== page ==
Democrats’ IRS bank account monitoring plan would affect 87M Americans, analysis shows

The IRS bank-reporting plan will likely be omitted from the final BBB

Tens of millions of Americans could see their bank account information swept up and reported to the Internal Revenue Service under a deeply controversial proposal from Democrats, according to a new analysis.  

Democrats crafted a plan earlier this year to require banks and other financial institutions to disclose accounts with $10,000 of annual deposits or outflows to the IRS, a move intended to help the agency crack down on wealthy tax cheats.

Recipients of federal benefits like unemployment and Social Security would be exempt from the policy under the latest iteration of the proposal, which would also exclude any income received through a paycheck in which federal taxes are automatically deducted. 

U.S. President Joe Biden speaks on the economy in the Eisenhower Executive Office Building in Washington, D.C., U.S., on Tuesday, Nov. 23, 2021.  (Oliver Contreras/Bloomberg via Getty Images / Getty Images)

The Joint Committee on Taxation estimated that some 87 million Americans who earn less than $400,000 in adjusted gross income would see their account information reported to the IRS. That represents a little more than half -- about 59% -- of the 148 million taxpayers in the U.S. earning less than $400,000.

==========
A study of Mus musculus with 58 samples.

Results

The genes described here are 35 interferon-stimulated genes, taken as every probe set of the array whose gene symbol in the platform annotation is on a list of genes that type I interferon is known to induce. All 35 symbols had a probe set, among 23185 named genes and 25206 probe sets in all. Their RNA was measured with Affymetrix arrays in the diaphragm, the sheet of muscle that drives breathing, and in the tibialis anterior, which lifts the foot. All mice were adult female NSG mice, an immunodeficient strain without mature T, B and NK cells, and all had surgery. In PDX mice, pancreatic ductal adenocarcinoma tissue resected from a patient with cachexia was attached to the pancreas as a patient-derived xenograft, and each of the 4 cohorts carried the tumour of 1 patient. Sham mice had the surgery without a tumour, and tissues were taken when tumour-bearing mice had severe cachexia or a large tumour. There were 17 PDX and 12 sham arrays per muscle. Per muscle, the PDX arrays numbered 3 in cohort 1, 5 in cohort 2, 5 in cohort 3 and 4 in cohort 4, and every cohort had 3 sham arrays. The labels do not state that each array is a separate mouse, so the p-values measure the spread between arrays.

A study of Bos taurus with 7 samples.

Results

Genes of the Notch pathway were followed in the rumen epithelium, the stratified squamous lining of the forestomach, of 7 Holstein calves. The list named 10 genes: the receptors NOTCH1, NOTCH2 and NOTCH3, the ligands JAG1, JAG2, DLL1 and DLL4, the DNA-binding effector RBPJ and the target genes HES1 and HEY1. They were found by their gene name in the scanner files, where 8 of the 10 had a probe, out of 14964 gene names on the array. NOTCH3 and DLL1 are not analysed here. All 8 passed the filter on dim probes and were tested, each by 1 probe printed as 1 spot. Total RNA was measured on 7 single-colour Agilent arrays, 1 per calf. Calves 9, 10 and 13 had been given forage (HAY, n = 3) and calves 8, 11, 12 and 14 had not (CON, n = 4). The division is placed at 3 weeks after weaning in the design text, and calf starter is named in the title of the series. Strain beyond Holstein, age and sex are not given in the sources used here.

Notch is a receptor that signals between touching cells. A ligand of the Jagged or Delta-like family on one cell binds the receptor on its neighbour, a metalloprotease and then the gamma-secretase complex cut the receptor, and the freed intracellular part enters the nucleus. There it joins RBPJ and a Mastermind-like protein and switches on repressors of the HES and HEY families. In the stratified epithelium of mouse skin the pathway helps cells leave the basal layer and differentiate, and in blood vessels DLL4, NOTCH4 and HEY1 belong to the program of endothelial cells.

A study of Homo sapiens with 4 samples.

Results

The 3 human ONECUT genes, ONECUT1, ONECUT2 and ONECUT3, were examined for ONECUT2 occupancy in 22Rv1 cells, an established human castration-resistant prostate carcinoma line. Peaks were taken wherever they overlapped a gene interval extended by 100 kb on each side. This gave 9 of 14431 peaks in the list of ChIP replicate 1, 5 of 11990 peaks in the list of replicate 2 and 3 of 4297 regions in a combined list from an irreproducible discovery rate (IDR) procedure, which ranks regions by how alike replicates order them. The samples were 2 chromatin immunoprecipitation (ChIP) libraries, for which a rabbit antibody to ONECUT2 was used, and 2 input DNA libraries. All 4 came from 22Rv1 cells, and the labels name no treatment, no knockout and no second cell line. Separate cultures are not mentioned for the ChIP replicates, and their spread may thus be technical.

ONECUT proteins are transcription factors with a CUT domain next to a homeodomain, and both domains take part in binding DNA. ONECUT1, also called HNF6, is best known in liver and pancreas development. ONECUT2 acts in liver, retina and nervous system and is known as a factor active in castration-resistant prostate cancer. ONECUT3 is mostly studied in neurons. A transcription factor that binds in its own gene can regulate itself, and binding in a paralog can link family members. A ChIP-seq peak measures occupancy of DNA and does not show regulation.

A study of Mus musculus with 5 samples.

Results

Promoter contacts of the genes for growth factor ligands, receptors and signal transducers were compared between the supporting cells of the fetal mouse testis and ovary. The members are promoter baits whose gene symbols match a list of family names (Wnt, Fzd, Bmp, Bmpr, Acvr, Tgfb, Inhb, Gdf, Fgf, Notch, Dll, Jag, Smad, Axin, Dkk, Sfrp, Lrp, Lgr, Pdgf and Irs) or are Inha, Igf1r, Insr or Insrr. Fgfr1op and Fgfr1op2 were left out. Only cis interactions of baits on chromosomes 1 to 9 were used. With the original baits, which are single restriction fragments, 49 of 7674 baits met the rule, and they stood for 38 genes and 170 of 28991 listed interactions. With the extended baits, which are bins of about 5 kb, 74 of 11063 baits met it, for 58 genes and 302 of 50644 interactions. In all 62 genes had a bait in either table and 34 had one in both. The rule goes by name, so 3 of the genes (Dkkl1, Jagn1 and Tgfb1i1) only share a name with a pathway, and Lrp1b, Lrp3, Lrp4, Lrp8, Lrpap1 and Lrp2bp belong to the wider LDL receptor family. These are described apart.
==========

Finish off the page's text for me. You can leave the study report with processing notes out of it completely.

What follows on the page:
The proposal will almost certainly not become law: House Democrats passed a version of the Build Back Better bill that omitted the IRS monitoring provision after opposition from Sen. Joe Manchin, who called it "screwed up." Revenue from the plan was intended to pay for Biden's signature economic spending measure, but it faced fierce criticism from banks, industry groups and Republicans.

The analysis from the JCT came in response to a question from Rep. Jason Smith, R-Mo., who asked the tax scorekeeper to see how many Americans the policy would encompass. 


A man enters the Internal Revenue Service (IRS) building in Washington, D.C., U.S., on Friday, May 7, 2010. (Andrew Harrer/Bloomberg / Getty Images)

"Is it fair to assume that an hourly W-2 worker who also drives Uber on the side or sells on eBay would have all of his or her income subject to scrutinization – severely punishing Americans for nothing more than working hard and trying to provide for their families?" Smith wrote in a letter dated Nov. 2.

The White House has repeatedly defended the plan in the face of bank criticism, writing in a memo to congressional Democrats that requiring banks and financial institutions to provide a "little bit of high-level information" to the IRS on account flows gives the agency more information about wealthy Americans' earnings from investments and business activity. 


The Biden team has stressed that banks will not have to report individual transactions to the IRS, but rather "basic, high-level information on account inflows and outflows" and that audit rates for Americans earning less than $400,000 annually would not go up.  

Banks are already required to report any individual transaction that exceeds $10,000 to the Financial Crimes Enforcement Network – part of anti-money laundering requirements.